As I approached O’born Contemporary’s (based in Toronto, Canada) space at this year’s NYC Volta I was particularly interested in the colourful images that ranged in subject matter from grotesque portraiture reminiscent of Francis Bacon, to large open landscapes referencing late 19th century European painting.
At a distance, the work is defined through broad, bold painterly strokes and swirls of abstractions; simultaneously I notice that there are some detailed fine lines that drive certain pieces through optical manipulation, as seen in Parrots (2011).
Though there are numerous formal connections within the entire body of work, I actually questioned if one artist completed it all. The “portraits” appear to be more of a collage of verifiable objects, where as the landscapes are created through a collage of textures, patterns, and colour. The portraits lend themselves to the common vernacular of recent art school graduates, making seemingly definitive statements about society. On the other hand, the “landscapes” place an individual within a larger environment of symbols that allow for potentiality and investigation into a story.
Yet, I am still convinced that the landscapes are in fact paintings in the traditional sense. In The Infant and the Garden Hose (2011) the subtle gradation from sky, to sea, to greenery, coupled with layers of transparency to opacity appears to be the effects of oil paint. Only when the gallery owner approaches me, do I learn that the entire space is one artist, Alex Fischer, and ALL the paintings are digital pieces.
The work being exhibited at Volta is from Fischer’s exhibition Beyond the Fall at O’born Contemporary, February/March 2012 (www.artofalexfischer.com/category/documentation/beyond-the-fall-at-obc/)
“The images of Beyond the Fall come from what has become the predominant first-world interface: The personal computer and internet capable device is now the primary filter by which broad swaths of people interact and know themselves. These technologies have the ability to snake our attentions, beliefs and desires, influencing cognition and our experience of the world. In order to represent these paradigm shifts, Alex Fischer reifies the low-culture of individualistic habits and persuasions to be in dialogue with the ripe philosophy of high art. His chosen medium of digital collage compliments his artistic process, by which he paints together images from a collection of digital sources. Each piece concedes to multiple interpretations due to Fischer’s choice to obscure the visual space of the image into near abstraction. The narratives encompass characters, scenes, and symbols with all of their ambiguity, insight, and metaphysical baggage on display. The content originates from their adaptations to and the impact of this current age.” (www.oborncontemporary.com/catalogue/Alex%20Fischer.html)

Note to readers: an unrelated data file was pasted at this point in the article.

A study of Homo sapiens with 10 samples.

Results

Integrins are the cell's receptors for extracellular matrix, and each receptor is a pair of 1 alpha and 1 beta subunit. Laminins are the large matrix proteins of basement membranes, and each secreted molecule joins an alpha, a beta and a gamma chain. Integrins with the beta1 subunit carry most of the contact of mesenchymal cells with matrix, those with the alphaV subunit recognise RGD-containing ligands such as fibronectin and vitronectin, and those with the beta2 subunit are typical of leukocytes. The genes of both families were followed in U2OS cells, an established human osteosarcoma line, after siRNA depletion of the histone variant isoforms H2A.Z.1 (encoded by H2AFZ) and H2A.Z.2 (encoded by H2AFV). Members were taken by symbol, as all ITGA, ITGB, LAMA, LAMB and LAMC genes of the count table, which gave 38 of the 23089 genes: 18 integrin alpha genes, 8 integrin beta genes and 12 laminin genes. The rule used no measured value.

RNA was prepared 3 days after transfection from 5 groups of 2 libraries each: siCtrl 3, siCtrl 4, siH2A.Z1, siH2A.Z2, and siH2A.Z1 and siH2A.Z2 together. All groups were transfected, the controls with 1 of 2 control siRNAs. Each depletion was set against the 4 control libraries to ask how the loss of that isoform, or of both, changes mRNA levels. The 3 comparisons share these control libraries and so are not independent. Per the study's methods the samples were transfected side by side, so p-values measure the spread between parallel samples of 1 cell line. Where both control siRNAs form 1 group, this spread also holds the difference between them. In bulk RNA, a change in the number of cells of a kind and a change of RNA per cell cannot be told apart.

After digesting all the visual information from O’Born Contemporary’s space, I was impressed with the artist ability to surprise me; more importantly he did not look to shock, there was no sensationalism, no quick tricks. Fischer utilizes technologies to merge history and multi-media. By doing so, he is able to subtly provoke a variety of emotions.
Most successful are the larger landscapes that build upon the history of painting, and allow for drama to occur in the composition that is not mandated but rather provoked. In these pieces Fischer collages together gathered and created visual information. These pieces have layered meanings that leave me questioning the solo-endeavor of the individual within a community that is dense with information. I see the journey we all take, both literally and metaphorically in the pieces: not determined, still unfolding. Fischer allows for us to contemplate our own path while also allowing us to think about how technology does not always need to be exercised and interpreted in the same manner each time. Not everything is as it seems, and when we address this human condition from a diplomatic place we can be less jaded, more forgiving, and ideally able to represent the current time period without imposing opinion. I am all for creating the conversation, facilitating the direction of the story, while managing not to state the conclusion.
Alex Fischer lives in Toronto, Canada. A sociologist of internet culture, Fischer mediates the visual and theoretical philosophies, which can be accessed through contemporary technology. This extraction and the resulting dissemination are essential to his approach to art-making, which is at once reactionary and projective. His images are composed by digitally assembling visual and conceptual sources in order to explore the syncretic effect of the digital-age.
All images courtesy of O’born Contemporary www.oborncontemporary.com
Image 1: Parrots, Digital Image, Giclée Print, 2011, 14280 x 10200 pixels (84 x 60 inches), Print Edition: 3
Image 2: Beyond The Fall, Digital Image, Giclée Print, 2011, 14720 x 9907 pixels (64 x 43 inches), Print Edition: 3
Image 3: Bluenose, Digital Image, Lightjet Print, 2011, 3400 x 4640 pixels (11 x 15 inches), Print Edition: 4
Image 4: Island, Digital Image, Giclée Print, 2011, 14400 x 7200 pixels (24 x 48 inches), Print Edition: 3
Image 5: Straw Man, Digital Image, Giclée Print, 2012, 40500 x 21600 pixels (180 x 96 inches), Print Edition: 2
Erin Treacy lives and works in New York City. She is a Fulbright Fellow, Ireland: 2009-10, holds her BFA from Pratt Institute and her MFA from University of Massachusetts, Dartmouth, and is an exhibiting artist, curator and educator.